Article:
PAC expansion unites performing arts under one roof


“For the first time in the history of the university, we [theatre, dance and music] will all be under the same roof,” said David Reynolds, Director of the School of Performing Arts.

The music, dance and theatre faculty and classrooms are currently housed across campus in Doner Auditorium, Pugsley, Lincoln and the PAC. Reynolds said the creation of the Performing Arts School, and being under the same roof, will improve the programs.

“You will see more collaboration,” Reynolds said. “You may see a flautist performing with dancers on a stage. A concert may have advanced lighting. You could see costumes during an orchestra performance. We will see the synergy coming together with people from different backgrounds.”

One of the most exciting changes is the addition of a $1.2 million pipe organ to be installed in the new recital hall. The organ’s blower that supplies and pushes the air through the pipes weighs 1,100 pounds. Some of the organ’s 3,500 pipes are more than 20 feet long.

“Repertoire we haven’t been able to touch before will now be available to our faculty and students,” Reynolds said.

The pipe organ was gifted to the State of South Dakota from the State of Colorado. The instrument is already on the SDSU campus, waiting to be installed this summer.

“[The building] is a game-changer for us,” Reynolds said. “There will be no other place like it in many miles.”

COREY SHELSTA AND COLIN GAALSWYK
The view from on the stage of the recital hall Sept. 5. You can see the balcony seating being constructed along the north wall of the room.

The PAC will boast a new 225-seat recital hall and 850-seat proscenium theater in addition to the 1,000-seat concert hall and black box theater already present.

Corey Shelsta, designer and professor of theatre, said the nature of the building created specialty needs to be met. Both he and Reynolds were on the planning committee.

“My role was to make sure the technical, design and artistic needs were being met,” Shelsta said.

Special focus was given to the rigging and lighting systems in place, as well as the type of floor on the various stages and which rooms are located near each other. The dressing rooms should be located adjacent to the theatre, for example.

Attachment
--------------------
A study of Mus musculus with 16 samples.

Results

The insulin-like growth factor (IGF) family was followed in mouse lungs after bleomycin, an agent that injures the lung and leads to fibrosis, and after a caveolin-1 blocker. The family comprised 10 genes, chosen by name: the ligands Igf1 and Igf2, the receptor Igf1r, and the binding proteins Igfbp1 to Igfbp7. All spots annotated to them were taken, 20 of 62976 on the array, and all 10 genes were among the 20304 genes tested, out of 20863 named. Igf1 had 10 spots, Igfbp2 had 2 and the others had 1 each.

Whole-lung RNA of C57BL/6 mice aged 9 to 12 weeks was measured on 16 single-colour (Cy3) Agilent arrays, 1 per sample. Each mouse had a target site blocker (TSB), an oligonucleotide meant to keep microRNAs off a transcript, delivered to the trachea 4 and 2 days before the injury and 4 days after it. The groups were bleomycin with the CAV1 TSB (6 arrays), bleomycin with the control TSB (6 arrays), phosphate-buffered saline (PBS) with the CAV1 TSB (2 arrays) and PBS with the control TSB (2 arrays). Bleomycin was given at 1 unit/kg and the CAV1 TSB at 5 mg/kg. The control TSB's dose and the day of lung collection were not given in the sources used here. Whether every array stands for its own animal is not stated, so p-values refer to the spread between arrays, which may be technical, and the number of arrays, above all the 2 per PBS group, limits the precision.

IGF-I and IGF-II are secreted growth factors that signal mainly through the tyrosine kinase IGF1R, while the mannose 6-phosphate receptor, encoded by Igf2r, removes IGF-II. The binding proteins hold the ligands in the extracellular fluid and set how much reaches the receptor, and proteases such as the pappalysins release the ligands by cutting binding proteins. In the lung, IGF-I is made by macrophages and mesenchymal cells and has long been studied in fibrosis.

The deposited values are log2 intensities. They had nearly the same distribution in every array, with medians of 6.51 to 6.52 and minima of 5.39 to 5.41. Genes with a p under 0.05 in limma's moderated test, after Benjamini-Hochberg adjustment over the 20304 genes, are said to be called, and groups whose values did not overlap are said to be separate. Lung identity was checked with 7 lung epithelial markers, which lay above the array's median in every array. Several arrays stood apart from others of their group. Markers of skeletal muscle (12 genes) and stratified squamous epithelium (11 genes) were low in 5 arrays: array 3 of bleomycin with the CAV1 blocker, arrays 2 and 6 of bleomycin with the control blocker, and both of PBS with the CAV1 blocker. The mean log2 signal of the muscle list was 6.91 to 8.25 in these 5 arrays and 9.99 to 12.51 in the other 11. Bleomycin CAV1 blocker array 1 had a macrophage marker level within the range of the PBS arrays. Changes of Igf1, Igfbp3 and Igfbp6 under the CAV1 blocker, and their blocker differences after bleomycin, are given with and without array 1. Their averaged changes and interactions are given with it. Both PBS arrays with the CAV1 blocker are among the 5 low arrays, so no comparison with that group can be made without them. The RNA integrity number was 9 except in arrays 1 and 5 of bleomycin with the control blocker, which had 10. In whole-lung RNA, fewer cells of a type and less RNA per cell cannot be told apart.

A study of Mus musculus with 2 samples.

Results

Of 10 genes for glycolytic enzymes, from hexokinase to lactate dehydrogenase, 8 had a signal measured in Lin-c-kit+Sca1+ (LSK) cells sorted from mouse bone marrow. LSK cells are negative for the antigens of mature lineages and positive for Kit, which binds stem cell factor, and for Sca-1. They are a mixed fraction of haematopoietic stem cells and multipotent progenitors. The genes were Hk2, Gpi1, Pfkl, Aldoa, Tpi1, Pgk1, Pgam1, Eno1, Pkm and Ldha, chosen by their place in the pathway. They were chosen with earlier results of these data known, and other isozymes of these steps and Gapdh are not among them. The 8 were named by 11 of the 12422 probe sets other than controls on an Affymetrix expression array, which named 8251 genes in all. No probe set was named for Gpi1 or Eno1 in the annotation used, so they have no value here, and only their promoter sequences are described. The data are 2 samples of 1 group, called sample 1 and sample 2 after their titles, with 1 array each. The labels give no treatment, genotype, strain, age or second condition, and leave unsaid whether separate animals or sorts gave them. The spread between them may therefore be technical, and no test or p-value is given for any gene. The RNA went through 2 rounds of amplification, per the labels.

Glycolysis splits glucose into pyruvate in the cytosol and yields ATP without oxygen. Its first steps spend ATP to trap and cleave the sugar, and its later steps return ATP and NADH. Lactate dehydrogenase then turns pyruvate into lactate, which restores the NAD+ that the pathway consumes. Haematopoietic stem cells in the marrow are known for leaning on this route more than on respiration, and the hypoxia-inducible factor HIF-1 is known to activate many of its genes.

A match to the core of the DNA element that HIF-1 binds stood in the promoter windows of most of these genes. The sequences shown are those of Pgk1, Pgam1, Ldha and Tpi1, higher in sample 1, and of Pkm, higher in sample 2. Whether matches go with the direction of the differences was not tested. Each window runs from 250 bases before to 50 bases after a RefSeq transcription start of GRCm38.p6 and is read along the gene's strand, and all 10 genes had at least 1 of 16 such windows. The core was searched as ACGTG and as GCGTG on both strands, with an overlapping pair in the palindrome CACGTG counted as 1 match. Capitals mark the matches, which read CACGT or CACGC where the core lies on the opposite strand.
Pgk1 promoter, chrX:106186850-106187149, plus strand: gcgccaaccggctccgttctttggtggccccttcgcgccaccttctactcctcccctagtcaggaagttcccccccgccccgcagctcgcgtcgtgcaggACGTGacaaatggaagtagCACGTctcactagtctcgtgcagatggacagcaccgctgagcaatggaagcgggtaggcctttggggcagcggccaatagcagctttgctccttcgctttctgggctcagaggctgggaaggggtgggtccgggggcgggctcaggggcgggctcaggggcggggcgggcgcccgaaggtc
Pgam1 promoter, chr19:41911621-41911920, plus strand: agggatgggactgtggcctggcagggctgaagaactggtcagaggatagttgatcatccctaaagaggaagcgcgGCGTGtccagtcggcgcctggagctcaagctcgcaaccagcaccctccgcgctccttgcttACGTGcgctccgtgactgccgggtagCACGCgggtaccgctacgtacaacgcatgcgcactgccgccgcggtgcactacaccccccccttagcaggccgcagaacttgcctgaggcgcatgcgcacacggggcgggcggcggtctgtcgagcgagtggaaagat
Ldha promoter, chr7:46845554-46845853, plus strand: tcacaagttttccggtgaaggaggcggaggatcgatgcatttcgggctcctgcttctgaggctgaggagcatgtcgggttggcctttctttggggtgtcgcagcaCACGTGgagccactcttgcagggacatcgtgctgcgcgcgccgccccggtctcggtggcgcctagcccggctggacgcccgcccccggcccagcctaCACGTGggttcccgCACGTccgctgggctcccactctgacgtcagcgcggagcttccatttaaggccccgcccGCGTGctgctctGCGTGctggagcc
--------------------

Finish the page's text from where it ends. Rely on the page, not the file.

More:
Other early planning included what could be done in each space and how the lights, acoustics and placement of vents and sprinklers would affect everything.

“The last thing you want is a new building with problems,” Shelsta said. “I had to do a lot of reading and researching.”

Another new addition is LED lights for students to use a wider variety of colors in the proscenium theatre. Traditionally, conventional lighting has been used, where each light has a single unit of color that has to be switched out manually. Both types of lights will be placed in the theatre for students to use.

Shelsta said although the committee has planned and prepared for a lot, there is “always going to be surprises.”

One surprise discovered in the original PAC building was the heavy use of the lobby.

“The lobby has had a lot more use than we ever expected,” Shelsta said. “Receptions, banquets, performances and career fairs have all happened there. We don’t have the proper lighting or sound installed there and we wish we did. Those kinds of lessons we are now taking into the new building phase.”

Shelsta is excited to see what the new facilities will be able to accomplish since the PAC is being renovated with the lighting, acoustics and room layout already in mind.

Both he and Reynolds said the new addition would attract more talented faculty and students.

COREY SHELSTA AND COLIN GAALSWYK
he footings have been poured in the theatre for the stage and orchestra pit. (Left) Several roof trusses have been placed and are visible.

Seth Golden, a junior pharmacy major who has played in The Pride, concert band and community orchestra, is ready for the new building. He plays an instrument that’s a cross between a French horn and a trumpet called a mellophone.

“(The new PAC addition) creates a logistical benefit,” Golden said. “It’s just awful having to transport everything from the storage and practice rooms all the way across campus to the performing spot.”

Golden said most rehearsals are now done in Pugsley, whereas most of the storage for The Pride instruments are located. There is also storage for instruments in a few small sheds sitting outside the PAC, but the cold weather isn’t good for instrument sound quality.

Golden is excited for the specialized rooms in the new addition, since they will improve the quality of performances and will be tailored to what students are studying.

“The professors are all excited to get out of an ancient building,” Golden said. “[Lincoln] is a cool building, but it is old.”

The Performing Arts School will begin moving to the PAC next fall, with the official public opening set for spring 2019. Until then, students and faculty will prepare for the changes that come with having a new facility.